Hyperion and SPSS Partner
The announcement of a partnership between online analytical processing (OLAP) specialist Hyperion Solutions Corp. (www.hyperion.com
) and data mining stalwart SPSS Inc. (www.spss.com
) sets the stage for the convergence of OLAP and data mining technologies. According to some industry watchers, it's a combination long in the making.
In June 1999, Oracle Corp. (www.oracle.com) purchased Thinking Machines Corp. as a prelude to subsuming the latter's data mining technology within its own portfolio of business intelligence and data-warehousing solutions. Oracle has thus far unveiled the data mining tool dubbed Darwin, which is based on the Thinking Machines' technology. The company hasn't, however, announced an integrated OLAP and data mining strategy.
The Hyperion/SPSS partnership is grounded in this combined strategy, and requires only execution on the part of its two member companies, says Mike Schiff, director of data-warehousing strategies at Current Analysis Inc. (www.currentanalysis.com).
According to the terms of the partnership, SPSS will integrate its DecisionTime and WhatIf? forecasting and predictive analysis products with Hyperion's Essbase OLAP server. Both companies say the combination of the two technologies will allow customers to use Essbase's OLAP capabilities as a means to derive enhanced business metrics from the forecasts and predictions created by SPSS' data mining tools.
"The OLAP structure provides one form of doing analysis, but with the addition of data mining technology, you can enhance the value of what's contained within the OLAP structure itself by forecasting, by predicting," says Douglas Dow, vice president of business development at SPSS. "With the forecast, you can put forecasted values back into the cube and really enhance the value of what's there by adding this predictive element."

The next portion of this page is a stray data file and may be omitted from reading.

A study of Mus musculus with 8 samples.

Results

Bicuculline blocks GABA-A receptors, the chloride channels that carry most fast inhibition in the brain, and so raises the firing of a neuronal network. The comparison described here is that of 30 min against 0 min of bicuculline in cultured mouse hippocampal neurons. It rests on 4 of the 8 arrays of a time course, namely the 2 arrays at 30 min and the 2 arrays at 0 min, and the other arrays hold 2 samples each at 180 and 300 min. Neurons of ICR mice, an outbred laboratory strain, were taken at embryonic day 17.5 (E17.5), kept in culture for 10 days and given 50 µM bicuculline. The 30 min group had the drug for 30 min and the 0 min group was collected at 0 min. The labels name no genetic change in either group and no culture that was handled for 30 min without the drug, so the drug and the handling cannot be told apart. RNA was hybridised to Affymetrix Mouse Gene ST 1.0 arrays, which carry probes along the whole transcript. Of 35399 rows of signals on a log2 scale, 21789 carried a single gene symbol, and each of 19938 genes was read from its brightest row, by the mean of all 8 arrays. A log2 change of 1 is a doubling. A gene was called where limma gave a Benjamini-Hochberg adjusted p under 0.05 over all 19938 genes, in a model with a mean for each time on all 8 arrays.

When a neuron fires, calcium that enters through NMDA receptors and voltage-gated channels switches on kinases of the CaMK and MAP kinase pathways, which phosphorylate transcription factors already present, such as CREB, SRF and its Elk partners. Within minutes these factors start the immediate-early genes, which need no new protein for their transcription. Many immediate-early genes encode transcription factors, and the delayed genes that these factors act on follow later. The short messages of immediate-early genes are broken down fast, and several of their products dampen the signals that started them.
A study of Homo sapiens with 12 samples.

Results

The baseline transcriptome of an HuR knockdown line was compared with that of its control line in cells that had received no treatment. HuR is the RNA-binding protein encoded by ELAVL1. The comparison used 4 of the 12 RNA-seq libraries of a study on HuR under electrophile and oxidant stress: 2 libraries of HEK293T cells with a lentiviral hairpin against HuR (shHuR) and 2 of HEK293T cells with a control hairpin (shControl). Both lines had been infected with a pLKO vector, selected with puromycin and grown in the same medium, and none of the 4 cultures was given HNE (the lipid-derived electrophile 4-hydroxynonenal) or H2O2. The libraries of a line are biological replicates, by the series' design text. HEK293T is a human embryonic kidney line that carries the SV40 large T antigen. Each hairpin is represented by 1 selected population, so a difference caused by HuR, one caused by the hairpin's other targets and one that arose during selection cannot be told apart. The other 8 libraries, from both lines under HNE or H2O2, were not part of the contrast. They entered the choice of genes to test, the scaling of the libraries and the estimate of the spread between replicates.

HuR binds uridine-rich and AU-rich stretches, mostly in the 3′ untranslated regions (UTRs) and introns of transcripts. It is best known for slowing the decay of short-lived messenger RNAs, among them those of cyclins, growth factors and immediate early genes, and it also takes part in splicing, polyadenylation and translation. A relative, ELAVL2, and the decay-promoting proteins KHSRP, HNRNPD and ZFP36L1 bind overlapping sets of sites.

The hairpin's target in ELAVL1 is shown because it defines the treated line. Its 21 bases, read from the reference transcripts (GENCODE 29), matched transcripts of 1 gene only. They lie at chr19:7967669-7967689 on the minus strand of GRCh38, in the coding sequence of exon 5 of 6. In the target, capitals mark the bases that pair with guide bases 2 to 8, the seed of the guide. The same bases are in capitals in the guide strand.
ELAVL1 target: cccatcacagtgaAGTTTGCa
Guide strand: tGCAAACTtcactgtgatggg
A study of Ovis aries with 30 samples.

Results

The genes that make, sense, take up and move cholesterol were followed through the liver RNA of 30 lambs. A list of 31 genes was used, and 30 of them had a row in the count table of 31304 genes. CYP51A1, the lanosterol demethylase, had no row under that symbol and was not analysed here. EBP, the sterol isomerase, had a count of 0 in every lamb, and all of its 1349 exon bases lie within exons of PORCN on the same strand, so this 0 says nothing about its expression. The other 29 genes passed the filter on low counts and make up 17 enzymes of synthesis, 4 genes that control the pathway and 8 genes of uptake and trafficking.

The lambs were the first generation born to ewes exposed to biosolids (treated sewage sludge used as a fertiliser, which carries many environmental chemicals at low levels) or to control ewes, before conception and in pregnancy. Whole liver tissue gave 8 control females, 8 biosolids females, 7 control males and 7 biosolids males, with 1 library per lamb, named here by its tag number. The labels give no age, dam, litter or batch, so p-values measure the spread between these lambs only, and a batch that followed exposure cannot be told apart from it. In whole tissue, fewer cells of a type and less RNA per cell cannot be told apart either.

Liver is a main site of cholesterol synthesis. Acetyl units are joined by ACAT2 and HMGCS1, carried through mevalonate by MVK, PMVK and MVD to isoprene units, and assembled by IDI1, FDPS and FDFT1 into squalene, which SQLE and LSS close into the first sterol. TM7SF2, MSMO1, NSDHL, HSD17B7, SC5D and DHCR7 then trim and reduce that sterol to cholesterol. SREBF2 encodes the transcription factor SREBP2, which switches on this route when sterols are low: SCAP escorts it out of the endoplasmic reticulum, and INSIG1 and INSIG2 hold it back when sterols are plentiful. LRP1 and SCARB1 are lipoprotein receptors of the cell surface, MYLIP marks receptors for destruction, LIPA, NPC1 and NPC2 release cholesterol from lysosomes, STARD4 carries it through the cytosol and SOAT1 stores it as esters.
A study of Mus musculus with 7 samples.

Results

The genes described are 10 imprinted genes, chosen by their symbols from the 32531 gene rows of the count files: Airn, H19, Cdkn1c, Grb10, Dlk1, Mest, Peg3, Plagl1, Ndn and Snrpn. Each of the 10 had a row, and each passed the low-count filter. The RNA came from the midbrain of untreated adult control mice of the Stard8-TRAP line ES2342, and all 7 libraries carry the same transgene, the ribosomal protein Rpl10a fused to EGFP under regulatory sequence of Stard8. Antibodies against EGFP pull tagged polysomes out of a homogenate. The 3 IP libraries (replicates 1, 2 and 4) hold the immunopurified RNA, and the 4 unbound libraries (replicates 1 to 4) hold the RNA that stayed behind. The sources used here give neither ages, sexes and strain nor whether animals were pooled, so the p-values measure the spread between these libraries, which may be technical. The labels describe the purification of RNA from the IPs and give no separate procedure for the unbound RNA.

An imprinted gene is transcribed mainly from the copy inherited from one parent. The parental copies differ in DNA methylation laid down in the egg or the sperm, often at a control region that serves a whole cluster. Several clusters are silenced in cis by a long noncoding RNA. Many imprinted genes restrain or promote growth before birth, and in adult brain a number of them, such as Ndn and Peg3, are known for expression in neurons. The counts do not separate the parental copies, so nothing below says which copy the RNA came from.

According to Don MacTavish, director of strategic marketing at Hyperion, the combination of OLAP and data mining technologies can take some of the black magic out of business forecasting and out of business intelligence in general.
"With the combination of the SPSS technologies for doing very powerful forecasting and our OLAP technologies, when you mix the two it really will produce some very powerful results," MacTavish claims. "For many people when they say forecasting, they'll sit around a room and guess numbers and ultimately hope to grow by 10 percent, but what we're doing is combining a predictive technology with our OLAP sever that mathematically calculates a forecast using a series of models."
Because OLAP engines can provide verification services for the discoveries, forecasts, and predictions unearthed by data mining tools, Current Analysis' Schiff says, marrying the two together is sound strategy.
"What this does is it lets you develop predictive forecasting models and deploy them throughout your organization," Schiff explains. "I've always been an advocate of data mining and see it as a logical extension to the analytical capabilities of OLAP servers in general, so the combination of SPSS' technology with Hyperion certainly makes a great deal of sense."
Moreover, Schiff suggests, the Hyperion/SPSS partnership provides an indication of the growing acceptance and importance of data mining across the industry as a whole.
"Oracle bought [data mining specialist] Thinking Machines, so how they implement that technology still remains to be seen. But certainly data mining is becoming more and more of a mainstream technology these days," he concludes.